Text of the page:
Monday, February 25, 2008


Out cop's deathbed story wins an Oscar . . .

Generally speaking, I don't have an undue amount of admiration or respect for "The Hollywood Elite." They seem programmed to pat themselves on the back every chance they get, and America's idol-worship of these people can become tiresome. Still, every so often, Hollywood, along with the independent film community, goes a little beyond the glitz and the glamour and actually produces, promotes, and even honors filmmaking that encompasses so much more than the "big bucks" factor.

I don't know how many of you watched the Academy Awards last night, but there were a couple of historic moments . . . at least for the gay and lesbian community. They were moments that both surprised me . . . and moved me. This was one of them, as reported by PlanetOut:

Cynthia Wade won an Oscar on Sunday for her short documentary, "Freeheld," about the 2006 struggle of New Jersey police Lt. Laurel Hester's struggle to transfer her pension to her domestic partner during the final months of her life.

Hester, who worked as a detective on the force for 25 years before battling cancer, took on the locally elected Ocean County Freeholders to give the financial security of her pension to her partner, Stacie Andree, a right automatically afforded to heterosexual married couples.

The film is a look at the LGBT community's effort to face down bigotry interwoven with the touching journey of a couple coming to terms with the end of their time together.

"It was Lt. Laurel Hester's dying wish that her fight against discrimination would make a difference for all the same-sex couples across the country that face discrimination every single day -- discrimination that I don't face as a married a woman," Wade, who directed the film, said during her acceptance speech.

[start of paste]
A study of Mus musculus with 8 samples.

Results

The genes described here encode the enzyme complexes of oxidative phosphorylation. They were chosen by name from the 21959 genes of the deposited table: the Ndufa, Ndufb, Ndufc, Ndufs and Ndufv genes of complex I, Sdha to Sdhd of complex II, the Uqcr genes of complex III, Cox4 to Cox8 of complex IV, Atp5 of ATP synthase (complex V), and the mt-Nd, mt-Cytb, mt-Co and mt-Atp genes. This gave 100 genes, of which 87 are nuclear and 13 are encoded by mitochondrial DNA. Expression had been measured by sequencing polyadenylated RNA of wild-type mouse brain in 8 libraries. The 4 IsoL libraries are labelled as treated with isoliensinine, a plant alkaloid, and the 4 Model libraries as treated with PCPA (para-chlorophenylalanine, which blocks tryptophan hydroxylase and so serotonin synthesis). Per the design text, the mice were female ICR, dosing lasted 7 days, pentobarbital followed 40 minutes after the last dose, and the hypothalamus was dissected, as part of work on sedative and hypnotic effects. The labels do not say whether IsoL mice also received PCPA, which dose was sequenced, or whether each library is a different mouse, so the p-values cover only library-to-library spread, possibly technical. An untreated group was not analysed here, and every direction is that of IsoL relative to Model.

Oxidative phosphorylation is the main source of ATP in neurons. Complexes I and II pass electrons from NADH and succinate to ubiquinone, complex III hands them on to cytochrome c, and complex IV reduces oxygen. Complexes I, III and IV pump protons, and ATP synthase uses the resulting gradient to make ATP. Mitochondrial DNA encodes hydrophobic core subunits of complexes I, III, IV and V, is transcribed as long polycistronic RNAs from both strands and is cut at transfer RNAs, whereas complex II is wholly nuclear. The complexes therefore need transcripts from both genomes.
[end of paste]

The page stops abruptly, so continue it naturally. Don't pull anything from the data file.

She also thanked her husband for taking care of their children and holding down a full-time job while she worked on the film.

Producer Vanessa Roth added, "And to all our supporters and our families who believed that even a 38-minute movie could change minds and lives, and to our children, who remind what's really important. And to Stacie, who's here tonight, who's really auto mechanic by day but hero in life and always did what was right."

"Freeheld" has been awarded the Special Jury Prize at the 2007 Sundance Film Festival and the Audience Awards at Outfest, Newfest and the Palm Springs International Film Festival. (The Advocate)

It was the honest emotion embedded in both Wade's and Roth's acceptance speeches, which spoke volumes of truth as great as those of the film itself. Note that American service men and women in Iraq announced the nominees and winner for Best Documentary: Short Subject. Also note another bit of irony: it was Tom Hanks, who portrayed a gay man dying of Aids in the unforgettable film "Philadelphia," who presented the Oscars to Wade and Roth.

This is how far we've come, people. In 1991, when my partner passed away, it did not even OCCUR to me that, for every spousal intent and purpose other than what the law provided, I was entitled to any spousal benefits. Even my own perceptions of self and relationships, as a gay man, were distorted by subconscious acceptance of society's intolerance. That was 17 years passed, approaching a generation ago. So we have made some progress, folks, but the even greater truth is: we still have an even longer road ahead of us . . .


Boston_Betty said...

Shameful...absolutely shameful that somebody cannot decide who should receive their pensions after they're gone! What utter bullshit! Shame on this country!

val said...

When I first started teaching - in 1976 - my husband could leave me his pension, but I would have had to pay extra to leave him mine. He was supposed to fill in my tax returns "for me" but I refused to tell the tax people who I was married to, and they had to lump it.

Yes, things have moved on. But in the UK, many female local government workers are still being paid only half the hourly rate of their male counterparts, which has been illegal for 30 years.

SnarkAngel said...

While earnings discrepancies between the sexes have diminished over the last few years in the U.S., they still exist. The "old boys network" is still alive and well, unfortunately.